I learned a great concept this week that relates to Maintenance.
So you know what that means . . . you’re about to learn it too :)
More specifically . . . Energy Flux
Energy Flux describes the amount of calories going through a system.
It’s an upgrade on the idea of Energy Balance.
Energy Balance is the old “calories in-calories out” idea.
It still holds, but it turns out there’s more to the story.
Maintaining weight loss depends on energy balance, taking in the same number of calories as we expend, thus staying at the same weight.
But it turns out . . .
1000 in --> 1000 out does not equal 3000 in --> 3000 out
High flux is healthier than low flux.
It’s way better for your weight and metabolic profile.
Energy Flux is kinda like the economy (or more accurately, my basic understanding of the economy):
The more money we spend the more money is flowing and therefore more investments in innovation and business so there are more jobs, more people making and spending and so it goes. If we all saved our money and didn’t spend there would be little flow and the economy would stagnate.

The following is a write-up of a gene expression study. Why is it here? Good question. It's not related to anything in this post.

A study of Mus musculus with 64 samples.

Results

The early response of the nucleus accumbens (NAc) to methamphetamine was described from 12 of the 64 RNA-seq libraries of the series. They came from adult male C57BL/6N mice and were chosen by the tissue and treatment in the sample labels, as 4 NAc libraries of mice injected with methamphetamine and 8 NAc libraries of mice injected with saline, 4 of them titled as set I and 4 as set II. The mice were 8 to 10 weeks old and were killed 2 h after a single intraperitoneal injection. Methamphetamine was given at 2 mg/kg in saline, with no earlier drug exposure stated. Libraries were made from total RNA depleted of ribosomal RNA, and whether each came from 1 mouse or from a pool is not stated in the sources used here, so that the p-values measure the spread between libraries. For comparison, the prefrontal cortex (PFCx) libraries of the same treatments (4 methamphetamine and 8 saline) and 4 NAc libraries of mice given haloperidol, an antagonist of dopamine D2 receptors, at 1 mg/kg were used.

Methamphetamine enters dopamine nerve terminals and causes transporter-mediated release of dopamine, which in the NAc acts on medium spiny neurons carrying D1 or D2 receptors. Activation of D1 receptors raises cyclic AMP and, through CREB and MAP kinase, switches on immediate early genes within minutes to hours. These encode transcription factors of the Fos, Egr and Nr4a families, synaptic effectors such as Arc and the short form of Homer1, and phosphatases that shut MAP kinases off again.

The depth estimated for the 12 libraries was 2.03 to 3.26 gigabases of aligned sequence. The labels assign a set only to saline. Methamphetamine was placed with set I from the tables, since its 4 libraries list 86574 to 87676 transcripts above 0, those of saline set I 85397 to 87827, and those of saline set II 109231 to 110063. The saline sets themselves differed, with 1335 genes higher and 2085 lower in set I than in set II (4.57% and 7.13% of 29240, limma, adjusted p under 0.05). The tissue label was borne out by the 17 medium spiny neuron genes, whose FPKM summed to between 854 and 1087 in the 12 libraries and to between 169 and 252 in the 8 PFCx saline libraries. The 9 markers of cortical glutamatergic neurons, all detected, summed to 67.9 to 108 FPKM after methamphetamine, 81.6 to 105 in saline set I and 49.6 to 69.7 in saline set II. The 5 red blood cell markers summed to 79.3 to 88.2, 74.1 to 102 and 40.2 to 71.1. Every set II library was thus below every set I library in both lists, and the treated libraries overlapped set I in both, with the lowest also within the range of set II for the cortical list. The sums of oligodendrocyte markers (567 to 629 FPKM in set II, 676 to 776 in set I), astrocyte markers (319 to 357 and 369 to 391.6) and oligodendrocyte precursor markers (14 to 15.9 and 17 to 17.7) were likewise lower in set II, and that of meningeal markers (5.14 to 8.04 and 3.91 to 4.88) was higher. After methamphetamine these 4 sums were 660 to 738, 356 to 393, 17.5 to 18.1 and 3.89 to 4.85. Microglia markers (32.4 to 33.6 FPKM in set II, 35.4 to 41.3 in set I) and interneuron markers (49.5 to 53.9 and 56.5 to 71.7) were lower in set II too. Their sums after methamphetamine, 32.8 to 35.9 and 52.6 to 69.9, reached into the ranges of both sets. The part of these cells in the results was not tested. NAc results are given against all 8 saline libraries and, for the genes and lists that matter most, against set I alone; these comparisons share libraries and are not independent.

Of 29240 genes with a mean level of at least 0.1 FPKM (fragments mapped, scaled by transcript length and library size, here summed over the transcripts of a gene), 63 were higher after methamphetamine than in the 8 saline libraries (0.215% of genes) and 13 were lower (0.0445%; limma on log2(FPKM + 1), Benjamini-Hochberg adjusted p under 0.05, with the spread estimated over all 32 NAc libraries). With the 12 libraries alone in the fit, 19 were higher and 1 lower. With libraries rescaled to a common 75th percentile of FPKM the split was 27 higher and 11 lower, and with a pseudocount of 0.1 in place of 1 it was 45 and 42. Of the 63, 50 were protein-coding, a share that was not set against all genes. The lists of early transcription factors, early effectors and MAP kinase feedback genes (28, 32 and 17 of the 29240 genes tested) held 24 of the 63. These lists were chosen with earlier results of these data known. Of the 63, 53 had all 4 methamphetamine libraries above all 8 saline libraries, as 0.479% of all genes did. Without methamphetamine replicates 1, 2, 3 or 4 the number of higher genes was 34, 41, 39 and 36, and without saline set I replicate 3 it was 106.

Same goes for energy (calories) and our bodies.
Look at Olympic athletes. Remember the swimmer, Michael Phelps? While training, he famously ate around 8,000 calories a day but had little body fat. He had a LOT of calories out (I’m guessing around 8,000 a day :).
In this scenario, the calories are not stored—they’re used.
The body effectively uses the energy to keep up with demand. It’s designed to do so. When there is demand, that is.
That’s why siting is the new smoking.
Our bodies were not designed to be sedentary.
And yet as a society we’re sitting more and more.
With “energy saving” devices, efficient transportation and shift from manual labor to service jobs, our energy demands for our body go down and so does our ability to eat more calories.
As many of us know from experience, it’s hard to eat less.
Studies show that energy balance is easier to achieve at high Energy Flux.
So in order to be able to eat more and still maintain our weight loss, we need to move more.
The studies on very successful maintainers bear this out.
Long-term successful maintainers move their bodies every day.
Typically they walk about an hour. It’s not necessarily strenuous exercise, but they do move. They found that it allows them to eat more.